During the opening night of Anna Nicole at BAM, I found myself experiencing a case of déjà vu. New York City Opera was electrifying the Howard Gilman Opera House with a work by a living composer featuring the salacious story of a female protagonist whose life was splashed across tabloids, and at one point even featuring an act of fellatio with the disjointed music carrying on in the background. This description sums up NYCO’s February performances of Powder Her Face – Thomas Adès’ chamber opera about the Duchess of Argyll – as well as its latest stunt, composer Mark-Anthony Turnage and librettist Richard Thomas’ depiction of the life of Anna Nicole Smith. Both productions were spectacularly lively, flashy, and well put-together.

But this time there was an undercurrent of desperation. Rather than serving as a raunchy season-opener for NYCO, the seven nights of Anna Nicole might end up being the 2013/14 season in its entirety; NYCO recently launched a Kickstarter campaign to ameliorate its latest financial woes. To be fair, the desperation also might have come from the subject herself, who, when we first encounter her, is yearning to escape small-town Mexia for the bright lights of Houston. Life as a single mom working at Jim’s Krispy Fried Chicken isn’t enough to satisfy Anna’s ambitions: soprano Sarah Joy Miller sang out young Anna’s woes in a warm Texas accent.

Anna’s mother, sung brilliantly by Susan Bickley, is the only voice providing any form of sensible moral and social commentary. But eventually Anna manages to get away from her mother and the rest of her family, and, after a brief and depressing stint at Walmart, is able to find more exciting work as a pole-dancer. The pole-dancing scene was one of several highlighting the lavishness of Richard Jones’ all-around clever production, with sets by Miriam Buether and lighting design by Mimi Jordan Sherin and D.M. Wood. The dancers, choreographed by Aletta Collins and clad in brightly-hued costumes – well, strips of fabric – designed by Nicky Gillibrand, twirled up and down their poles while explaining to Anna that she needs to “get some tits”. Unfortunately, Anna is the only dancer without bowling-ball-model breast implants, so she quickly solves that problem: “Supersize me”, she tells the plastic surgeon towards the end of the first act. Shortly afterwards, she lands an older husband in the form of J. Howard Marshall, portrayed wonderfully and creepily by Robert Brubaker. She hopes the 89-year-old oilman will provide a ranch for her and her son Daniel, who silently mopes across the stage in a Nirvana T-shirt for most of the opera. As Anna pushes Marshall’s wheelchair around and around, performs oral sex on him, and ultimately marries him, we are reminded that “there’s no such thing as a free ranch.”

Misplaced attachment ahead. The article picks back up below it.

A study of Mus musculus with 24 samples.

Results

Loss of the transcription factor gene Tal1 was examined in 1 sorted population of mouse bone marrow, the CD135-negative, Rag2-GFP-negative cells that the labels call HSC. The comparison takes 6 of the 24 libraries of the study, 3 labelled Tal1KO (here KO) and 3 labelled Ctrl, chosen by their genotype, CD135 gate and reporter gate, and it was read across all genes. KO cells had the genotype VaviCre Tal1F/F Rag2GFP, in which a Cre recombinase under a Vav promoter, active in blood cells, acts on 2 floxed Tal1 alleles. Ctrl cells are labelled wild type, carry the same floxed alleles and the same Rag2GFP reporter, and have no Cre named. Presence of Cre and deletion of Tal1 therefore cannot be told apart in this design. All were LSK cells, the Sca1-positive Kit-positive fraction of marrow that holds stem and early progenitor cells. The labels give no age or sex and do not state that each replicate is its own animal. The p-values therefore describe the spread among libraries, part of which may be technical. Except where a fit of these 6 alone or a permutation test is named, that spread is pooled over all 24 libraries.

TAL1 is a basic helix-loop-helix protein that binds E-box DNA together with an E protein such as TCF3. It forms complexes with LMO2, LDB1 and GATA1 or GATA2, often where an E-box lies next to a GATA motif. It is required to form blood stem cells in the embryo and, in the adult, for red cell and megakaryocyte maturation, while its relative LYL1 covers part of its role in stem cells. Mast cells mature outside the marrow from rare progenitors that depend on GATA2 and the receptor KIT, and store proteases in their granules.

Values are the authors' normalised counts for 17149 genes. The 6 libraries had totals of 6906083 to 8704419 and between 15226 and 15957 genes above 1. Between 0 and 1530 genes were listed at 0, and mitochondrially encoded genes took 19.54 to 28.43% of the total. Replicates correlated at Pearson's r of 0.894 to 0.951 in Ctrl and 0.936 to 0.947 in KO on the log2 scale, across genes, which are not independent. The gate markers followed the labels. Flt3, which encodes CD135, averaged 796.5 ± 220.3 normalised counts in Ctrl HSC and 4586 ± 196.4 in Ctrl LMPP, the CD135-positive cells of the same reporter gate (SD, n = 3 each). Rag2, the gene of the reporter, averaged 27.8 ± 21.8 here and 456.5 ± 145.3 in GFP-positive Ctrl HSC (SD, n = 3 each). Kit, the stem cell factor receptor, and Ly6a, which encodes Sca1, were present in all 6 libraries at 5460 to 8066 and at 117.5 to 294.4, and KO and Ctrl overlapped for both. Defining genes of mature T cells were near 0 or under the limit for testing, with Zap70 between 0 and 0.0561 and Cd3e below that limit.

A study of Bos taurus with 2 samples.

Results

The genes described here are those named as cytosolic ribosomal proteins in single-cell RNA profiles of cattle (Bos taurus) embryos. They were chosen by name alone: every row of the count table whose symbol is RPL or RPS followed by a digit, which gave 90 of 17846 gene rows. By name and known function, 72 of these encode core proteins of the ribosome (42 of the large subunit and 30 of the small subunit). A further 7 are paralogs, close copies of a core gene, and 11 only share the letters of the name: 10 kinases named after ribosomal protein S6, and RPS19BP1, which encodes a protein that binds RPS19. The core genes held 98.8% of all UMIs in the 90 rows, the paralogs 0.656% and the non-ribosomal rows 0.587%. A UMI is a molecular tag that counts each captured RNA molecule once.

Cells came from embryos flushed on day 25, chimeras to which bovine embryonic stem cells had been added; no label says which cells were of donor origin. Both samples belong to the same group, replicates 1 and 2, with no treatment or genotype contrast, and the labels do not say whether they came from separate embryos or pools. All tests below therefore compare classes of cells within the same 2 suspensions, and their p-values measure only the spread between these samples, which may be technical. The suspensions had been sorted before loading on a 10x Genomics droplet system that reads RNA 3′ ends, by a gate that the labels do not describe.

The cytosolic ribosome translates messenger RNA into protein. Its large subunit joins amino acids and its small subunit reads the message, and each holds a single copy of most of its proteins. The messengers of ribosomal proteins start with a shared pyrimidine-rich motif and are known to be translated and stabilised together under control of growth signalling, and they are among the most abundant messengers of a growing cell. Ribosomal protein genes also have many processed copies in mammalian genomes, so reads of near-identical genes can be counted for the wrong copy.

During the second act, everything goes sour. With chronic back pain caused by her prosthetic breasts, Anna gets hooked on painkillers and slobbers her way from an ongoing legal battle for the now-deceased Marshall’s estate to an interview on the Larry King show, assisted by the now-teenage Daniel and her lawyer/lover Howard Stern. During an excruciating “pause”, we watch Anna’s transformation over the years as a curtain splashed with her image is replaced in slow-motion by a nearly-identical curtain showing how the rest of her body has ballooned up to match the bowling ball breasts. After the sudden death of Daniel, Anna zips herself into a bodybag and blows the audience a farewell kiss, the opera ending with the shuffling feet of the paparazzi and then the flash of a camera. Ms Miller had transformed the character not only physically but emotionally, as Anna’s melodramatic demise seemed sad, almost tragic, even after all the ditzy hand-wringing and arm-flailing and bouncing up and down.

The consistencies of the directing and the repetitions in the libretto seemed mismatched with music that oscillated between bluesy, jazzy phrases, and then tunes reminiscent of musical theater (complete with snapping and line-dancing from the chorus), and then notes that basically seemed to exist to take up space. Ms Miller and the rest of the team did a fine job of giving a probable floozy some dimensionality, but Mr Turnage’s music felt occasionally flat and directionless even with the excellent conducting of Steven Sloane. In the opening scene, the chorus announces that “you won’t be bored”, and it’s true that Anna’s life provides more than enough entertainment to ward off restlessness. But Mr Turnage’s music on its own would be, I imagine, pretty boring.

While it’s doubtful that such a topical opera, especially considering its somewhat flimsy score, will land a place in the opera canon, I don’t think that was the intention anyway. The music of Anna Nicole isn’t necessarily memorable, but this performance certainly was. And so hopefully it is encouraging for those who wring their hands over the future of classical music that a struggling opera company can sing out the word “c*ntalicious” to a packed house on a Tuesday evening in Brooklyn.